Why Republicans Should Listen to Evangelicals on Climate Change

By path2positive

Ted Cruz just won the Iowa Caucus, and while his appeal to Evangelical Christian communities may have been a contributing factor to his success, it could be the very thing that loses him votes in the general election. Evangelicals across America are beginning to accept the reality of climate change and our need to act immediately. Politicians that once used climate doubt to win constituents must accept the reality that they are preaching an antiquated message.  

With leadership from the National Association of Evangelicals and Young Evangelicals for Climate Action, Protestant Christain communities in America are demanding more from politicians, determining a candidate's unwillingness to posit the climate as a paramount issue as a serious detriment. While Religious News Services suggests a change of stance by politicians, we simply ask that Evangelicals vote with the climate, it's inhabitants, and God in mind.

 

Check out this how-to-guide on voting for the climate in America

 

 


Ted Cruz, you might want to listen to evangelicals on climate change (COMMENTARY)

Aaron Daniel Taylor | Religion News Services

(RNS) Now that Ted Cruz has won Iowa’s Republican presidential caucus, he may want to listen more closely to those evangelicals who supported him on the subject of climate change.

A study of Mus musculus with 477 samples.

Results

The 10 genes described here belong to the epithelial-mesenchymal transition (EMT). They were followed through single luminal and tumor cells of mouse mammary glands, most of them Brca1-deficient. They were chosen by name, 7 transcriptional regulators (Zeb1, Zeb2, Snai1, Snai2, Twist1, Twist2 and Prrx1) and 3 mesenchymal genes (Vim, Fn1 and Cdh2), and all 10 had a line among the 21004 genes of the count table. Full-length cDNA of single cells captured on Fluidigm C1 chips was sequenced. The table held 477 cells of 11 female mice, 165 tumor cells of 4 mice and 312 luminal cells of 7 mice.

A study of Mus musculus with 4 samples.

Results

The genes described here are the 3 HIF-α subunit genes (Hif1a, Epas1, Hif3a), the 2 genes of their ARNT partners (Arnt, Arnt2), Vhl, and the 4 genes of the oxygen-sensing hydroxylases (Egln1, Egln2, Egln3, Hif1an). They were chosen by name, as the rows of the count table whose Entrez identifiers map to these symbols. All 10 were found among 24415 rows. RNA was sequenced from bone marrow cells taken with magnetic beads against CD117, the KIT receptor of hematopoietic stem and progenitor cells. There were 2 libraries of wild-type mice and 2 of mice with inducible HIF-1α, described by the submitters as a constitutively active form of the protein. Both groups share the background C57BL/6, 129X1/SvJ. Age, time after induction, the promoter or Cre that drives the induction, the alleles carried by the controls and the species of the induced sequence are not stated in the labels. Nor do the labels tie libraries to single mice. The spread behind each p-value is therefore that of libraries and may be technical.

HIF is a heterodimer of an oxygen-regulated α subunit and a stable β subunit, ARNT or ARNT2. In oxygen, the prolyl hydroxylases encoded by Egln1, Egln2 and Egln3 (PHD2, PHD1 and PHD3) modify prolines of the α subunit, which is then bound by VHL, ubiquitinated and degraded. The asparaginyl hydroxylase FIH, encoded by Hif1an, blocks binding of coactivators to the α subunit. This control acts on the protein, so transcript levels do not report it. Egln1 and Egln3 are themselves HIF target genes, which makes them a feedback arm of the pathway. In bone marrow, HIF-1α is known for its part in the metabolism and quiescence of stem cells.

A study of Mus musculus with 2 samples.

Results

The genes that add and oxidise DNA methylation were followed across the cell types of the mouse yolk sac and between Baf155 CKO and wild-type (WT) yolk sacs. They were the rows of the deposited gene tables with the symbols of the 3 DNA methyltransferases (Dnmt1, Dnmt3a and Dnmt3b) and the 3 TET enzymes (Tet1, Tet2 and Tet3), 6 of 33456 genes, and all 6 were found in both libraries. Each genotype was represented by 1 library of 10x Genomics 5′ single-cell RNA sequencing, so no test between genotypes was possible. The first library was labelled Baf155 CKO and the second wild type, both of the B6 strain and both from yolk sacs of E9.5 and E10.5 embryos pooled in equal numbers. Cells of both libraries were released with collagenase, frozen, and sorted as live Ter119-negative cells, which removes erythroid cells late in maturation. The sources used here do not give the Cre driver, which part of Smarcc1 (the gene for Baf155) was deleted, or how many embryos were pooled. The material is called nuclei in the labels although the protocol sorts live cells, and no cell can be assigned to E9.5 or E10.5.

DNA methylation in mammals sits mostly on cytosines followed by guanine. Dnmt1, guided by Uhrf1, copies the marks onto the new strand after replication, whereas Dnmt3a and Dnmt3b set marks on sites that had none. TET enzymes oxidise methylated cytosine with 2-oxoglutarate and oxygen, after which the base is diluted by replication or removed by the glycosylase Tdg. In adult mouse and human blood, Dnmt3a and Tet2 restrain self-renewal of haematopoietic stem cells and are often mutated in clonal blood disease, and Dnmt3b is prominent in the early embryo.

Just last month, the Texas senator, who chairs the Senate’s Subcommittee on Space, Science and Competitiveness, proudly claimed, “According to the satellite data, there has been no significant global warming for the past 18 years.”

In fact, the evidence clearly shows that 14 of the 15 warmest years ever recorded all happened since the year 2000. And 2015 was the hottest on record in human history.

The relationship between the burning of fossil fuels and the rise in Earth’s temperature is no longer a matter of correlation. According to 97 percent of climate scientists, it’s a matter of causation.

That’s a fact as sure as smoking causes lung cancer.

Yet too often in the American political landscape the question is asked, “Do you believe in human-caused climate change?” — as if the issue were a matter of personal preference that bends to the will of politicians, not the laws of chemistry and physics.